How you introduce code katas into your workplace depends very much on what you want to get out of them.
In my case I wanted to encourage the use of Test Driven Development so I ran a Cyber-Dojo. With this sort of exercise, the emphasis is not on the code itself, but on the process of writing the code.
We spent an afternoon, in pairs, repeating the same kata, but under different conditions. We started with all groups doing one exercise at the same time. This provided a baseline.
We then discussed some of the basic principles of TDD, had everyone change partners and repeat the same kata. We repeated the same kata to de-emphasise the generation of code and instead concentrate people on the process of naming test cases and the Red/Green cycle.
Then we repeated the kata again, but roughly every 10 minutes one person in each group would move to another group, simulating the rather fluid team environments we often find ourselves in these days.
In the final iteration, we had both partners change every 10 minutes or so into different groups. This helped to demonstrate that with TDD, even the handover from one team to a completely different one needn't necessarily be too painful, since the project should only every be one Red/Green cycle from working.
The interesting thing was, there were few people who had done any TDD before the session, but what TDD knowledge there was rapidly spread until by the final iteration through the kata, most people were thinking in a TDD way or could at least appreciate why it might be beneficial.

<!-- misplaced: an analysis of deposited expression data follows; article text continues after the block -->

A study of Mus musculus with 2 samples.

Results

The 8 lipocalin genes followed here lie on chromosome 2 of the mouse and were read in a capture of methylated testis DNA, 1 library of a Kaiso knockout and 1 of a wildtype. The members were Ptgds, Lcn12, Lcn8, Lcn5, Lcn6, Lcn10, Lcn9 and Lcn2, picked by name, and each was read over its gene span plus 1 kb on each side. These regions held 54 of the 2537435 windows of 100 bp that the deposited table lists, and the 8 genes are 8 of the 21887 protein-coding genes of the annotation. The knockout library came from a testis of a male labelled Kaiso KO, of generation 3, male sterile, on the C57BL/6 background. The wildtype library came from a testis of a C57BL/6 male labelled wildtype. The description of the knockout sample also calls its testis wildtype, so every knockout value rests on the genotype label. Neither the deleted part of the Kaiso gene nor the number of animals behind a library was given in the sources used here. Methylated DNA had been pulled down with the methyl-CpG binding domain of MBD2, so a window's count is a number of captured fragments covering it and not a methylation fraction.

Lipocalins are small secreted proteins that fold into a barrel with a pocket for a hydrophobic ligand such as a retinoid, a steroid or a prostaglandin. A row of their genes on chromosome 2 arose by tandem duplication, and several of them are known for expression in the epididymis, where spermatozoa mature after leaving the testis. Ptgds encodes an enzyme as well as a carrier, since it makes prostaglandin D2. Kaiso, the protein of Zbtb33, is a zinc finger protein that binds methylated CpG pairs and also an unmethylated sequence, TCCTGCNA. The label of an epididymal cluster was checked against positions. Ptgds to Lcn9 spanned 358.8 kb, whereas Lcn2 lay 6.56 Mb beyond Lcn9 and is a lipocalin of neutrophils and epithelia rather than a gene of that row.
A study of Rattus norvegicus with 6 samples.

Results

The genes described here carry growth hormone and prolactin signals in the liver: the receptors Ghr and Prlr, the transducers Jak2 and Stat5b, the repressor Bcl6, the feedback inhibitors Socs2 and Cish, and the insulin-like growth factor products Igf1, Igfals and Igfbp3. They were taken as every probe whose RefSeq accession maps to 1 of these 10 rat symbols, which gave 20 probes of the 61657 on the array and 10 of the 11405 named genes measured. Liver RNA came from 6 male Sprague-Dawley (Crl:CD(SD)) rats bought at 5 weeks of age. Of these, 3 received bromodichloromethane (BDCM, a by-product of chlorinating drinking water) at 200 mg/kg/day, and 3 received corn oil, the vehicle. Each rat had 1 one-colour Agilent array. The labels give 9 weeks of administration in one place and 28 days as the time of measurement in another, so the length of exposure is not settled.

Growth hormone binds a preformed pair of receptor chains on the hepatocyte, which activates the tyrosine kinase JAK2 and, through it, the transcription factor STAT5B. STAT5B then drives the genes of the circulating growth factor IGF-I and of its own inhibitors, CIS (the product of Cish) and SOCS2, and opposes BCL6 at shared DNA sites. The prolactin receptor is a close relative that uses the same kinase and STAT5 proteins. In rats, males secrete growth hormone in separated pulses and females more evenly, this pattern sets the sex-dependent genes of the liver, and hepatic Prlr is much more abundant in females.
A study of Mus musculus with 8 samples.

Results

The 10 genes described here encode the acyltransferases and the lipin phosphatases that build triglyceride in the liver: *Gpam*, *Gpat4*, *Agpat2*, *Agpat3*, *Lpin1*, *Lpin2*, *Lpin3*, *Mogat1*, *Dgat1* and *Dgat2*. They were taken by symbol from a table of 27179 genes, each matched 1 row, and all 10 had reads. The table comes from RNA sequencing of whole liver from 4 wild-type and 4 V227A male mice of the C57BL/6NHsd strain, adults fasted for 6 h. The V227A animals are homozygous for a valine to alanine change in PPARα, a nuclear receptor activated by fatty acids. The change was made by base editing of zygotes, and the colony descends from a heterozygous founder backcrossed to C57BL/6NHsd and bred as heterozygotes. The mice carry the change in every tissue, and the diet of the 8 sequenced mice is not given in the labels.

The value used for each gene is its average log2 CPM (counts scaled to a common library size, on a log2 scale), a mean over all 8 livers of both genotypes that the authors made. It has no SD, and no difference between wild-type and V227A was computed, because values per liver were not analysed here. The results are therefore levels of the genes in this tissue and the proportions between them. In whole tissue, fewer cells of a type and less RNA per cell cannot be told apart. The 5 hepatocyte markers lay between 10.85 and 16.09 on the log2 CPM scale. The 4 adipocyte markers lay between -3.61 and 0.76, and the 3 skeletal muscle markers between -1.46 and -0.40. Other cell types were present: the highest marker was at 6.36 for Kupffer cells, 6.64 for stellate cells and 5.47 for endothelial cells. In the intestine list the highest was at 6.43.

People generally said that the afternoon was both fun and informative and we are now looking at other ways to use Cyber-Dojo at my workplace.
Cyber-Dojo, written by Jon Jagger is works incredibly well for this sort of exercise. It is a web based integrated environment for doing deliberate practice of TDD and learning about team dynamics. It has lots of kata's selected specifically to help people concentrate on the process of TDD and not the problem. It also supports a range of languages, from Python and Ruby to Java and C++.
The best thing is, after doing a kata you can then go back and look at the red/green progression (or maybe not *8') of each of the groups participating. It's traffic lights are a great way to visualise how the TDD process works.
If you want your own CyberDojo server, the whole project can be found at github and there is even a Turnkey Linux appliance virtual machine linked from there, which means that assuming you already have VMware player or VirtualBox installed, you can be up and running within a few minutes of downloading the appliance!